Friday, August 21, 2009

f-r-i-d-a-y niiiiiight

I finished Gran Torino - it's sort of, sort of. Clint Eastwood can certainly draft a story and put it to film with excellent results. Unfortunately, even though I enjoyed it, it's wholly lifted from Million Dollar Baby. Of course, if you do something that well then you might as well keep pulling that lever.

I have The Current (and Mark Wheat) up on a Friday night which reminds me so much of when the station first turned the key and started the engine back in 2005. I was living in Nevada and pulled it up online shortly after a trip to Minneapolis to see the Slobberbone farewell tour at the 400 Bar. I vividly remember listening to Wheat for the first time and deciding that I'd found my perfect radio station. I remember that first night was the eve of the weekend that Let It Be records was closing in the Cities - I'd only been there once but it seemed the closing of a circle since Wheat passed along some memories of spending his early Minneapolis days at the shop. Sorry if that's more of an unrelated backstory than you asked for; it happens.

I have the cookbooks on the end table and we can begin: to your seats, hands on laps, pencils at the ready.

So I'm cheating a bit here. These three were published and purchased in England before Oliver crossed the pond. He was pretty big right off the bat in the UK and his first three series, which these books follow, were very enjoyable and useful. It always helped me to watch the cooking going on before giving it a whirl and his stuff back then was simple to master. I've done just about everything from all the books over the last decade or so (they hold my well-installed blinding pasta recipe) and can honestly say you'd be hard-pressed to have three better books to work from. Oliver's probably has a half-dozen other books but I haven't much watched him or bought any of his other books aside from this Making You a Better Cook reference thingy.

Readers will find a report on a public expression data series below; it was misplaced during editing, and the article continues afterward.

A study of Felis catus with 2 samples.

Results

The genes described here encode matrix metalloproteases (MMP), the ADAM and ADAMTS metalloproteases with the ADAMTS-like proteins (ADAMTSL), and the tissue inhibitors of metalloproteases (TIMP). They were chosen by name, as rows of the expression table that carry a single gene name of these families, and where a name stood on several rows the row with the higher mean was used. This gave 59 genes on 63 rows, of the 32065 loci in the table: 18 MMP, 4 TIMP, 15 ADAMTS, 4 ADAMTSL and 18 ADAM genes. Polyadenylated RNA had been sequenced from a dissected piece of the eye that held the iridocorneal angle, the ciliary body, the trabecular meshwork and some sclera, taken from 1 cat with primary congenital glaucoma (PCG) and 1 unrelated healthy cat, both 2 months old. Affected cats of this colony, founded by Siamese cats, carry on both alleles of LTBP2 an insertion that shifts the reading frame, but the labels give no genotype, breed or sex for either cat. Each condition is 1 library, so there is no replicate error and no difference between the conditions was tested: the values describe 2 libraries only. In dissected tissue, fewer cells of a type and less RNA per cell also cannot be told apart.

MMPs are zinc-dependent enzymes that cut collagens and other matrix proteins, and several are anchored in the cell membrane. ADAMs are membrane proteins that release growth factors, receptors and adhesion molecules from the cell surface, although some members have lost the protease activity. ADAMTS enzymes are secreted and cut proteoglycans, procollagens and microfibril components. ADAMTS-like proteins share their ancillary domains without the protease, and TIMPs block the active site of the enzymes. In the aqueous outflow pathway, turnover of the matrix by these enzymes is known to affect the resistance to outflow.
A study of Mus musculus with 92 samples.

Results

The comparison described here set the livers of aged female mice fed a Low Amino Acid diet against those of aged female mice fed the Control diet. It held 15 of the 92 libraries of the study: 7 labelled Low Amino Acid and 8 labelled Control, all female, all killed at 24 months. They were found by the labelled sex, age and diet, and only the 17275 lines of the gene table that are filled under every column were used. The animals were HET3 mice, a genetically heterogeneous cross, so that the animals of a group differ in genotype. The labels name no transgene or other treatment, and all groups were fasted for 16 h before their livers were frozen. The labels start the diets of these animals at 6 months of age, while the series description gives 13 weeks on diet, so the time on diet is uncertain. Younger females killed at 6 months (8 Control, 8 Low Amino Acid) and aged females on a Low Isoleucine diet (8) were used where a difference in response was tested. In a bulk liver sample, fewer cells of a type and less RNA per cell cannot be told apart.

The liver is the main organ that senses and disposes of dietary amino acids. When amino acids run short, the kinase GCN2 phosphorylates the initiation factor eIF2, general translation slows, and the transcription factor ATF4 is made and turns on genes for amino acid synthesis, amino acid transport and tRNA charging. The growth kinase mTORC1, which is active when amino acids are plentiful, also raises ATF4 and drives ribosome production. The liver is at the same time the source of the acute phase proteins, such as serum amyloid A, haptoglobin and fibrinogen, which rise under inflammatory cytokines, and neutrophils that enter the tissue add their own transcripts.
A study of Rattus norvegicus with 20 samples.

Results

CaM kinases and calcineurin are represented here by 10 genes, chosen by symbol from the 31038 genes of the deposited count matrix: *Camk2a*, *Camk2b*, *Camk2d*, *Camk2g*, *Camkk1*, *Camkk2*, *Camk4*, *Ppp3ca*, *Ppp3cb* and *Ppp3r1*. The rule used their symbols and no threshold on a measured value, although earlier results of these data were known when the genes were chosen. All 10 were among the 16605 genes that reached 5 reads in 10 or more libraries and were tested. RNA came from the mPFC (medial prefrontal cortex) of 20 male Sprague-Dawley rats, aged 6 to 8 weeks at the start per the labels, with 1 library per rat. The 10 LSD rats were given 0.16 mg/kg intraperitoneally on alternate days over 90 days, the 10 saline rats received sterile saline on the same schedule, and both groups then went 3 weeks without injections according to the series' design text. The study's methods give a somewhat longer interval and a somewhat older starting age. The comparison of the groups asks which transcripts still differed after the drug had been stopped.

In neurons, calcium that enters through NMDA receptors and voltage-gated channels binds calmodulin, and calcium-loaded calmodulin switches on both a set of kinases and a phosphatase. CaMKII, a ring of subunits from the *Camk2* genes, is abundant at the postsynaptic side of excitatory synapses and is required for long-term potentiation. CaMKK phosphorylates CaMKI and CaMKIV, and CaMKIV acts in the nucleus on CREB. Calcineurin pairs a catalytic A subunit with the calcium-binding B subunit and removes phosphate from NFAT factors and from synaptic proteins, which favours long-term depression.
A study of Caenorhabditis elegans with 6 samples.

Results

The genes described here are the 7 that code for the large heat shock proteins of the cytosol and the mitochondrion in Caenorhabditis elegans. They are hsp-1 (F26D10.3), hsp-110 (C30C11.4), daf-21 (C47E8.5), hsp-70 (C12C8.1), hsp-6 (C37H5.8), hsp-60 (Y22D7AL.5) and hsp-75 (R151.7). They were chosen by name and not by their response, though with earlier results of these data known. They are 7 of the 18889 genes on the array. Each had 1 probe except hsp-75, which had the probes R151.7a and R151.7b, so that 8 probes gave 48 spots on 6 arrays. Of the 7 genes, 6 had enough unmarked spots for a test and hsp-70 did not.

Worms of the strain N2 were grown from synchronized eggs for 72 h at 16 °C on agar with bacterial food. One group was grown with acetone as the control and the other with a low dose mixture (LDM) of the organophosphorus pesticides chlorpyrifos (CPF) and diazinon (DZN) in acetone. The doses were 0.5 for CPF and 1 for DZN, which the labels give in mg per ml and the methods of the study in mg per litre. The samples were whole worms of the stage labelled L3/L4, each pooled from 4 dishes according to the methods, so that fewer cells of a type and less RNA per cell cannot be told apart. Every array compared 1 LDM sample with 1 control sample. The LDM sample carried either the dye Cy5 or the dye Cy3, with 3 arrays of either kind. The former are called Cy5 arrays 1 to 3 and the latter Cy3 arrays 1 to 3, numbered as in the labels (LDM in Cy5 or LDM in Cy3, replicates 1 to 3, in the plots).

Moosewood Restaurant Cooks at Home - the Moosewood Collective

My volume of this basic book has a busted spine, pages yanked out (though stored somewhere), and the remaining pages are pretty beat up. I think I bought this along about the time I was buying Oliver's first book(s) and it quickly became my most basic favorite. I still use the black bean soup and corn scones on a nearly monthly basis. The beauty of this book is that all the recipes are easy and you won't find yourself hunting the store for anything too off-beat. (There are loads of 'Moosewood' books, some that I have and use often, but this one is by far the easiest and most functional.)

Lidia's Italian-American Kitchen - Lidia Matticchio Bastianich

A newer volume from about 2003 or so. I found Lidia purely by accident some Sunday morning while I channel-surfing in Nevada. She's on PBS and does the best Italian stuff - I think she's better and more straight forward than someone like Mario Batali (her son, ironically enough, is one of Batali's partners). My basic risotto recipe, eggplant parmigiana, gnocchi, and menestra are all pulled wholesale from this volume. She's had a number of additional series' on PBS and even though I've watched a bunch of them I don't need to get much beyond this book. I think everyone should have one go-to Italian cookbook since just about every person in the World - including the guests coming to your house or the girls you're trying to impress - likes Italian food.

I'll admit that until just now I didn't even know this little volume had a single author. I apologize to Ms. Clements - I just thought this book must have been passed down on slabs of marble. I happen to think, as a mediocre baker, that this is pure gold. Never a foot set wrong on any recipe and we've done a load. (This was the companion to X's 'pie and manners' mission last summer.) We originally discovered it across the hall on N. Park Dr. as it supported Corey's baking habit and I'm sure he told us (or me) to stop asking questions and just buy the book. Since everyone likes baked eats I'll guarantee this cookbook. Guaranteed.

Veganomicon - Isa Chandra Moskowitz & Terry Hope Romero

After I'd been cooking for awhile I came to realize that I can almost immediately (maybe after looking at four or five recipes) recognize a cookbook that suits my styles. This one is the most recent purchase on the shelf and it's been a 100% success. Since we don't do meat, and fish/seafood are slowly disappearing from the menu, this book is worth it's weight. It's so good that you don't have to worry about "Oh, will they eat a vegan recipe" when they come over. No need to even tell anyone - and why would you since your veg/vegan arsenal can be so strong these days? - because they'll never know. Not only are the recipes brilliant but the narrations is hilarity.

We probably have three dozen various books on the kitchen shelf and they all have things I like to cook; very few make the cut even in the store. But, if pressed to leave the house with only five(-ish) books and start over again these would be the easiest choices.

Don't say I never gave you anything.